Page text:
By Ruiyan Wang, Kara Miecznikowski, and Albert Cai

Try googling “prediabetes” or “type 2 diabetes” — a new search feature in the United States automatically spotlights the CDC’s one-minute prediabetes risk test

In the United States, Google Search results for “prediabetes” or “type 2 diabetes” now highlight the Center for Disease Control’s (CDC) one-minute prediabetes risk test. Shown in orange, the link to the test is featured as a “Public Health Notice” within Google’s medical information box on the right side of the screen.

If you are outside of the United States, you may not have the same Google Search result. Here is a link directly to the risk test!

The risk test consists of seven questions, which ask about family history of diabetes, age, blood pressure, and physical activity, among other factors. After taking the test, users receive a score from 1-10 on their risk for prediabetes. A score of 10 indicates the highest level of risk, and a score of 5 and above indicates “high risk for prediabetes.” Users can also view a detailed explanation of how their test is scored.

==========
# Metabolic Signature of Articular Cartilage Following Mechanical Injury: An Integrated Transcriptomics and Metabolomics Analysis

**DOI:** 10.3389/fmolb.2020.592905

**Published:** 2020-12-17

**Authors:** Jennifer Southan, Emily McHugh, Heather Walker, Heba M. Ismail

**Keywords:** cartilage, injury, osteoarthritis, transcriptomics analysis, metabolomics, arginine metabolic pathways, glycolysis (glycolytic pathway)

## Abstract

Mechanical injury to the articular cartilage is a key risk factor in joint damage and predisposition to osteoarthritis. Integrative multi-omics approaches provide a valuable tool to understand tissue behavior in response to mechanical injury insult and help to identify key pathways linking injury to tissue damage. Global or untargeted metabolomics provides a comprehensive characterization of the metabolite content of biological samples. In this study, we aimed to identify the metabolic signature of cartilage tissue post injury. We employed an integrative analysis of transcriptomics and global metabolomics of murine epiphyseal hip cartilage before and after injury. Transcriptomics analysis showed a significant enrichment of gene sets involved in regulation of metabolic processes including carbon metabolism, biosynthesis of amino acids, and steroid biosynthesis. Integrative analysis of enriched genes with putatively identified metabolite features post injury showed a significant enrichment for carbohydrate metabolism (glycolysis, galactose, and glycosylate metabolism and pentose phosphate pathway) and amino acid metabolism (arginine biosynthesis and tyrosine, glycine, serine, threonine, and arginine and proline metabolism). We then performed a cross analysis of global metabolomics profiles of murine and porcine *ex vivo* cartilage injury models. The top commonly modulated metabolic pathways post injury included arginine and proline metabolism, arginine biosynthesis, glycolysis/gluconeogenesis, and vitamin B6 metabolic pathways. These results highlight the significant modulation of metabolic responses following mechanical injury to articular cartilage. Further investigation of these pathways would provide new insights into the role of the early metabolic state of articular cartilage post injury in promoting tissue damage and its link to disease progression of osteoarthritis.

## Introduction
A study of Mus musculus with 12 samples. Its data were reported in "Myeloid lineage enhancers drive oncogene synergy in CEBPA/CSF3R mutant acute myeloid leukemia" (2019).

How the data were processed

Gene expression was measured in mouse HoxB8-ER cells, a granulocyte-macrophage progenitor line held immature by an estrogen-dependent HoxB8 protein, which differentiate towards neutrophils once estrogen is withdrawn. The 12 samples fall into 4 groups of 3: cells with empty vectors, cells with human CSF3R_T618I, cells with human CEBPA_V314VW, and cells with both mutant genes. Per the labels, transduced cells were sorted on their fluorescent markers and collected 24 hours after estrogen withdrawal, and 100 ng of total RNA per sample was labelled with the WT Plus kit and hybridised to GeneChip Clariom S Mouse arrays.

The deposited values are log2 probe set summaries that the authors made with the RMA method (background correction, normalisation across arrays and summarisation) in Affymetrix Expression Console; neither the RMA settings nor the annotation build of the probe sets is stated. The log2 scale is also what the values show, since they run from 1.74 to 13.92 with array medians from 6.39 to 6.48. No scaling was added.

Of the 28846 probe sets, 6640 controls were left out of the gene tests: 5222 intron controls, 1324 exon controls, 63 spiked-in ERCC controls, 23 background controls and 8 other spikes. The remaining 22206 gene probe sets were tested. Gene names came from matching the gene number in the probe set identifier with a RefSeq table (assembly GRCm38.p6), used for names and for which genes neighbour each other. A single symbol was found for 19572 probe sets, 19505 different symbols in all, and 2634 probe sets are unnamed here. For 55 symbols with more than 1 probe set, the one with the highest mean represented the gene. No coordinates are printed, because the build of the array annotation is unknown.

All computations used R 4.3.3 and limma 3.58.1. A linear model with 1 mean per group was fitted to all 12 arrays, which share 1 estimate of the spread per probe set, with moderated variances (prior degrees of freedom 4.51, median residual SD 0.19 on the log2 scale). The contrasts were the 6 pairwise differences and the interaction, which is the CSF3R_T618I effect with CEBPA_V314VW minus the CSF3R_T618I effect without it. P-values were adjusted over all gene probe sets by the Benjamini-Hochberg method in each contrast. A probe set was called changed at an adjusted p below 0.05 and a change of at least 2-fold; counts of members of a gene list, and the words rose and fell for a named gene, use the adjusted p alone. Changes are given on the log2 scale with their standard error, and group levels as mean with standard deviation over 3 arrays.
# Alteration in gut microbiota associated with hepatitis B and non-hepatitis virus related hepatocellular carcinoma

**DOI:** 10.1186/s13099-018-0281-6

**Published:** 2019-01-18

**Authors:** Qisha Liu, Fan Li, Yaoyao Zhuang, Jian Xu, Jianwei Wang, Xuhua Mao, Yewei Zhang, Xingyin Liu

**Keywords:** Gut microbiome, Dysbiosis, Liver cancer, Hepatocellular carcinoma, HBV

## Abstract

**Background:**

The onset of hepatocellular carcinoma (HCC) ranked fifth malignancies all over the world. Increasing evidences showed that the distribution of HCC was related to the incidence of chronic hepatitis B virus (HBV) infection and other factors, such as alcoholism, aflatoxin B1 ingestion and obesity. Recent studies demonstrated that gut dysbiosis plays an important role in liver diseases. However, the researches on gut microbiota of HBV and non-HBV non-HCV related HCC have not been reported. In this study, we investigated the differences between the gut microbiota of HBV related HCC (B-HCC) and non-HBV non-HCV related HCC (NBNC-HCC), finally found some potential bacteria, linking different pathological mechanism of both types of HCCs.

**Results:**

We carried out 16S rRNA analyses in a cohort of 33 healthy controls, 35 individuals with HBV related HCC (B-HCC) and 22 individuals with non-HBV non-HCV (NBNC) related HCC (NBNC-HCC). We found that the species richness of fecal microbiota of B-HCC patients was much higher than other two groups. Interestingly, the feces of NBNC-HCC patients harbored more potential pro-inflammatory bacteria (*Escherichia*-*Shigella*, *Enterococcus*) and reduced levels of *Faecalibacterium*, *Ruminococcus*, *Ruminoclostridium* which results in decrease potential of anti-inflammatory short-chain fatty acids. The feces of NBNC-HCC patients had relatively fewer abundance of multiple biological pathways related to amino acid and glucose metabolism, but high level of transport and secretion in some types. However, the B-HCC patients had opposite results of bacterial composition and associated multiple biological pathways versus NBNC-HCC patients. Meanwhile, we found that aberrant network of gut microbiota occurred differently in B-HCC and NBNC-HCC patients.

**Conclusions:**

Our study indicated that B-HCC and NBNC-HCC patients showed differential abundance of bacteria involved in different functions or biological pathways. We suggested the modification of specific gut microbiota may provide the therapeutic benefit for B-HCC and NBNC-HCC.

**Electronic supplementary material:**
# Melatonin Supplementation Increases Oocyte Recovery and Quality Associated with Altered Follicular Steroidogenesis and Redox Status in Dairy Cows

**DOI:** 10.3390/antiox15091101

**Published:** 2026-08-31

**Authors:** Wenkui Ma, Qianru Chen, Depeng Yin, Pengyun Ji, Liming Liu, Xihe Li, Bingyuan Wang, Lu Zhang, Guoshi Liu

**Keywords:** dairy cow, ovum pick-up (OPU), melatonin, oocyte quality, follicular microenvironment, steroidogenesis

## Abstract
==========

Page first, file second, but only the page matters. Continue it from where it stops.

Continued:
For those with a score of 5 or greater, the test encourages users to print or email their results to share with a healthcare professional, who can advise on a more confirmatory diagnosis (e.g., A1C, fingerstick glucose). The results page also links to information about the National Diabetes Prevention Program.

Prediabetes is defined as blood sugar that is higher than normal, but not high enough to be diagnosed as type 2 diabetes. The A1C range for prediabetes is 5.7% to 6.4%. The fasting glucose level for prediabetes is 100 mg/dl to 125 mg/dl. If left untreated, prediabetes can progress to type 2 diabetes. An estimated 80+ million Americans have prediabetes, 90% of whom don’t know they have the condition. Take the risk test here.